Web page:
Modern marketing is an incredibly complex beast. Customers may engage with a brand across multiple sales channels and at multiple touchpoints with seemingly little rhyme or reason between them. The distributed nature of these interactions makes it an often herculean task to identify which specific touchpoint or asset ultimately led to a sale
Unfortunately, there's really no simple answer to this quandary — it ultimately all boils down to attribution.
Caption: It can be difficult to know the specific revenue drivers of your business without the right attribution model
Also known as last-click attribution, last interaction attribution credits a conversion to whichever touchpoint a customer engaged with immediately prior to converting. This could be anything from a marketing email to a paid advertising placement. Last-click attribution represents one of six different attribution models.
First-click attribution, as the name suggests, stands at the opposite end of the spectrum from last-click attribution. It gives all the credit to the first touchpoint a customer interacted with. For example, imagine a customer engages with a brand by clicking a Google PPC ad, a Facebook ad, and a marketing email.
Under first-click attribution, the PPC ad would be given credit for the conversion, while last-click attribution would give all the credit to the marketing email.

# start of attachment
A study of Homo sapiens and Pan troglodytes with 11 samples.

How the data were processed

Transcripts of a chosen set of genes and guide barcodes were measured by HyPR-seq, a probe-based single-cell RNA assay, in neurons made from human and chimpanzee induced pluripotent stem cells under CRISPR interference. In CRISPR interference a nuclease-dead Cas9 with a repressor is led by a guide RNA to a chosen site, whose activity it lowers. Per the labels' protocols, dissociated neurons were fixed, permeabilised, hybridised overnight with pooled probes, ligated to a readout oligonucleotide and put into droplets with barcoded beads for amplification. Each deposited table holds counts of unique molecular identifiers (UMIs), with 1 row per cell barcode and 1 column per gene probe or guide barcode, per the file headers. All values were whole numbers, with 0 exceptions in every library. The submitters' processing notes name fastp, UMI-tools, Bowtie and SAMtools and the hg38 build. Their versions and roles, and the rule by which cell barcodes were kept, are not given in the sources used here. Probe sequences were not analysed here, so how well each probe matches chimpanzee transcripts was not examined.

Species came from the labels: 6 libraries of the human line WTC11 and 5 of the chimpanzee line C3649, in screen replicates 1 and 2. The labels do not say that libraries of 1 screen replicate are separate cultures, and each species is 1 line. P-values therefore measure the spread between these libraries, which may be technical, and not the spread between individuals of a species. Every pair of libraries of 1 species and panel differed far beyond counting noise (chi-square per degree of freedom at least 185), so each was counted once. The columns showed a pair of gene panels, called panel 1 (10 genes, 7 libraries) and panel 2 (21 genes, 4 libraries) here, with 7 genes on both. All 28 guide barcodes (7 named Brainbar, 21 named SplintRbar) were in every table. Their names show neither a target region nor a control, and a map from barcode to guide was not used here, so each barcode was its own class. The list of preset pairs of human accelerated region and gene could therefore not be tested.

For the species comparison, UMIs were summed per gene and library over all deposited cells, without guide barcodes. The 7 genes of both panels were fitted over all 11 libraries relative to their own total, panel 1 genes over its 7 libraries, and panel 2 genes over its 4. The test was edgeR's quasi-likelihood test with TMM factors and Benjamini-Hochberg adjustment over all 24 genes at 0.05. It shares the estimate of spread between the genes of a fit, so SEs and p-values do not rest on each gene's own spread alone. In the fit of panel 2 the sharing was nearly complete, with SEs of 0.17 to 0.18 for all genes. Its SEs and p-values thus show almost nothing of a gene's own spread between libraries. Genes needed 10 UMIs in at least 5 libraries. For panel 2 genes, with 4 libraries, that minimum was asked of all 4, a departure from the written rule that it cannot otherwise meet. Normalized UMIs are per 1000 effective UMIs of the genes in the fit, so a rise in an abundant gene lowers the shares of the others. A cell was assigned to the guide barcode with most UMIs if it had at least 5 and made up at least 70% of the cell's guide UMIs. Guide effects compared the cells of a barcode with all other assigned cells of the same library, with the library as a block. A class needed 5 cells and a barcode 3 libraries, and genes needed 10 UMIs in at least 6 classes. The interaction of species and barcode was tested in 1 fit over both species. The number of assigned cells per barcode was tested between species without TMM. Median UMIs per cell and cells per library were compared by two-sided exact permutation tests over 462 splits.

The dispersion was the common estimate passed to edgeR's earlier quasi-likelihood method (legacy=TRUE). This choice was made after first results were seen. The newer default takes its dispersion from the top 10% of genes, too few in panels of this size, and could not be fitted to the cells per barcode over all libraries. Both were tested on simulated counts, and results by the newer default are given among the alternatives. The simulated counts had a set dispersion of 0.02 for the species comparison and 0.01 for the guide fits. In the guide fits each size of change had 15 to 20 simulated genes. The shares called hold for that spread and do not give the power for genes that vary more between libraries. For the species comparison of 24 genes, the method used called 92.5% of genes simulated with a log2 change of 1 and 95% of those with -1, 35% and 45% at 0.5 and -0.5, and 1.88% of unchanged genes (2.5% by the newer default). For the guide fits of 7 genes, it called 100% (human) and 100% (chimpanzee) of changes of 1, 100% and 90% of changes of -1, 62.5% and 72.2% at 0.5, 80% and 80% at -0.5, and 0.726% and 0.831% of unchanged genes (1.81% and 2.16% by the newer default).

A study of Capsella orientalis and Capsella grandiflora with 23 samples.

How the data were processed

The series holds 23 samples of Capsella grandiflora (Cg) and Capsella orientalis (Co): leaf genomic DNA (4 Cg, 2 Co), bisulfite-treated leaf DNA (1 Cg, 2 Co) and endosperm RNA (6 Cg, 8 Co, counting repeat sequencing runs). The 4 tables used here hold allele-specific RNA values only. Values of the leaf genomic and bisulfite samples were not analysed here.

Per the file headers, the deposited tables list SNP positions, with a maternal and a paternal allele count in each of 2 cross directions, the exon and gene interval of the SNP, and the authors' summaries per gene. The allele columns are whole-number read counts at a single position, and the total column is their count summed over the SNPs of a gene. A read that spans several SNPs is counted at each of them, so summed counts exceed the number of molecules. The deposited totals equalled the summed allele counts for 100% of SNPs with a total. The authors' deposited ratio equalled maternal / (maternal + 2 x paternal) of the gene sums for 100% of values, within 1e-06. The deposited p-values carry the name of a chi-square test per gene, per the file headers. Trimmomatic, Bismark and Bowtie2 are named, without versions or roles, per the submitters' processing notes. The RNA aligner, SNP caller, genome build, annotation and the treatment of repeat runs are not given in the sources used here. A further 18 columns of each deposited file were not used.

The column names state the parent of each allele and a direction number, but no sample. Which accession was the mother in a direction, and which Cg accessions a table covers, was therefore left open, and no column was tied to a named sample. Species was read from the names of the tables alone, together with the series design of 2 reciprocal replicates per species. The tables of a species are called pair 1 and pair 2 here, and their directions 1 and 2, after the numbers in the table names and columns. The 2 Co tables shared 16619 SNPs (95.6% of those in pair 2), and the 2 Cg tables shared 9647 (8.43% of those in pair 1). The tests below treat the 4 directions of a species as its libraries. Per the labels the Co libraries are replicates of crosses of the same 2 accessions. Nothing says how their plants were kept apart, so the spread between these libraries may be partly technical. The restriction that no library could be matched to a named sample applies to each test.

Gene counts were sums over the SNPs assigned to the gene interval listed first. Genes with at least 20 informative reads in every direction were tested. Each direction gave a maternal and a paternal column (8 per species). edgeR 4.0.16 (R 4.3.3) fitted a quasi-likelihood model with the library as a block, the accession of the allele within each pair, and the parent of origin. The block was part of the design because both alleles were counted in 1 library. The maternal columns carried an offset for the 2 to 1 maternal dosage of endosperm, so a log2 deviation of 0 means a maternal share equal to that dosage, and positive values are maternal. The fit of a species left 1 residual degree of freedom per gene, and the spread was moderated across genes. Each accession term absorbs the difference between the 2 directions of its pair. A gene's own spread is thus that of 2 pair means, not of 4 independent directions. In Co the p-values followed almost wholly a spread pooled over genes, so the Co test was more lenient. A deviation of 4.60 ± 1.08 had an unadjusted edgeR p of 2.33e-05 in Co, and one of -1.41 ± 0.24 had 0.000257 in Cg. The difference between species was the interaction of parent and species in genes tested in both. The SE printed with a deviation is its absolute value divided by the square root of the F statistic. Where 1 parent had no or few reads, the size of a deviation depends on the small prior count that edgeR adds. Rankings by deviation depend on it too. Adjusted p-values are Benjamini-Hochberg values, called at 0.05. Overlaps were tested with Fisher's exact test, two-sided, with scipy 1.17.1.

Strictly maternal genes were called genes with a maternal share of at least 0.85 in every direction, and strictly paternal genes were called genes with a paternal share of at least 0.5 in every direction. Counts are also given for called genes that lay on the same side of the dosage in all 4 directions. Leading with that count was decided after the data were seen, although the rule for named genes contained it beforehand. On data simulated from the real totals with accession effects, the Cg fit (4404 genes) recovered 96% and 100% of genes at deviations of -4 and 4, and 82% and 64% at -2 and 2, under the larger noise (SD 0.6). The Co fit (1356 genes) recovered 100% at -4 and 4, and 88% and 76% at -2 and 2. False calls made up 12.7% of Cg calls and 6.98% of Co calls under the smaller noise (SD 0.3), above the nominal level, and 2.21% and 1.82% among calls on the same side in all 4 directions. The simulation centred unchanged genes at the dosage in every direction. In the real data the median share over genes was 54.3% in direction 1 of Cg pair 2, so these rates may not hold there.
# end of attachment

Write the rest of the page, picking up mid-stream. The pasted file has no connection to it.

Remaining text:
While last-click attribution is a great deal simpler than many other models and makes it easy to identify the final 'step' in a buyer's journey, it is not without its flaws. For one, it completely overlooks the full buyer journey in favor of focusing exclusively on the journey's end. This can in turn cause a company to misallocate their advertising spend — it may put all its budget into a PPC ad without realizing that its initial marketing email was the only reason anyone clicked on the ad in the first place.
In addition to first click and last click attribution, the major attribution models include:
Caption: Whatever attribution model you choose,Varos makes it easier to filter, assess, and contextualize your ad spend.
As is often the case in eCommerce marketing, there's really no right answer or one-size-fits-all approach. While algorithmic attribution is generally superior to most other models in terms of accuracy, it requires considerable analytics skill to properly implement. So with that in mind, your best bet is to choose an attribution model based on your niche, expertise, advertising goals, and the size of your business.